MEETING THE COSTS OF MEDICAL SCHOOL

Financial assistance is built in to most state-supported health professions graduate schools, which may cost half--and sometimes even a quarter--of what many private schools cost. 

Most health professions graduate students pay for their education through loans, usually secured through federal and/or state agencies.  Because of this, it is VERY important to have a good credit rating at the time of application.  Some general information about state loan forgiveness programs, National Health Service Corps (for persons intending to go into primary care and work in underserved communities), and military scholarships may be found on the AAMC web site at: http://www.aamc.org/students/financing/start.htm/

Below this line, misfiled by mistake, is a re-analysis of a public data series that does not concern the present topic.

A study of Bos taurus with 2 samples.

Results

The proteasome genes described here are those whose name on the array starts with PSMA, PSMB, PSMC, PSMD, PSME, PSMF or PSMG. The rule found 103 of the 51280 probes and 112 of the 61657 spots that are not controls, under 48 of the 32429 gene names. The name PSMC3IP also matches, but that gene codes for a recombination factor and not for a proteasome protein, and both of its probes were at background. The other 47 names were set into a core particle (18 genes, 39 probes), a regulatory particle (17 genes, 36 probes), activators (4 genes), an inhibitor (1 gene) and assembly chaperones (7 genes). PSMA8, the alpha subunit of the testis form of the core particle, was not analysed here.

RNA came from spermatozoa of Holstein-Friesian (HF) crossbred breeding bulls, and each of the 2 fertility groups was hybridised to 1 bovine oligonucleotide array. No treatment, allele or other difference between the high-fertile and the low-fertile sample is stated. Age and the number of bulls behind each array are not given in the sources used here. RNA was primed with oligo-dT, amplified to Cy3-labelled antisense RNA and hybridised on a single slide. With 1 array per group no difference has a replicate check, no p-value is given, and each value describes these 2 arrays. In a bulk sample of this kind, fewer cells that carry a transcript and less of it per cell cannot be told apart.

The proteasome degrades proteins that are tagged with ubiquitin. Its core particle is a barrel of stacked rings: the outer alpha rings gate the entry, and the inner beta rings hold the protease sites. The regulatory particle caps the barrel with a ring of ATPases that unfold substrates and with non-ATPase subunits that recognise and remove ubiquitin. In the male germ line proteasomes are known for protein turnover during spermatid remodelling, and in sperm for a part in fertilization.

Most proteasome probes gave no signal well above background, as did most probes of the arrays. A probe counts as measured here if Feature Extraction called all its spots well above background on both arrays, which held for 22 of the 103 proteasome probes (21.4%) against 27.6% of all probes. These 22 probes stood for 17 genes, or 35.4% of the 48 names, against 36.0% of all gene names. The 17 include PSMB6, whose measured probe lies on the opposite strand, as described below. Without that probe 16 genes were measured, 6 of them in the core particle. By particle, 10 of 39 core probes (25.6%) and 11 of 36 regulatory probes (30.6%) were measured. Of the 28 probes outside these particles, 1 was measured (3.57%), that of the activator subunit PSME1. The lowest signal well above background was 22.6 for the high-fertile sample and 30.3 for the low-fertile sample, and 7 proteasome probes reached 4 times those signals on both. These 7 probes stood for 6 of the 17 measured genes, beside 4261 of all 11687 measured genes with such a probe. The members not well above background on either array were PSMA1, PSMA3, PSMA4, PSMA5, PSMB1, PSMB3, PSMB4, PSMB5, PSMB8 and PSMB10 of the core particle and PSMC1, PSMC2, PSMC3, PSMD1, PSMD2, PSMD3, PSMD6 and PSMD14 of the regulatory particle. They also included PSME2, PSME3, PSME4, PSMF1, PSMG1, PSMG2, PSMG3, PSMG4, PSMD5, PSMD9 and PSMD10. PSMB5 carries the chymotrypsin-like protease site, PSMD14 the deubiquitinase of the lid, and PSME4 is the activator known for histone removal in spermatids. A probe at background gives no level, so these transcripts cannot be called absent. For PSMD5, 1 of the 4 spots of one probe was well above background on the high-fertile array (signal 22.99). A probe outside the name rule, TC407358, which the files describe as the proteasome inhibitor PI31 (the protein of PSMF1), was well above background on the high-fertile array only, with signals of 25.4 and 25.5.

The best source of detailed information about financial assistance will be the school that you plan to attend.  Although some schools may provide specific information about financial aid at the time of interview, requests for financial assistance are usually not considered until after acceptance.  Comparable information about financing dental, vet, physician assistant, and nurse practitioner graduate education is available through the web sites of professional schools' associations, such as:

You will also find useful information on the individual schools' web sites.

It is important to complete the Free Application for Federal Student Aid, FAFSA (required by almost all health professions graduate schools), as soon as possible after the end of the tax year.  Although the parent of applicants are often unexpected to complete and file a FAFSA as well as the applicant, health professions graduate schools will not necessarily expect a parental contribution.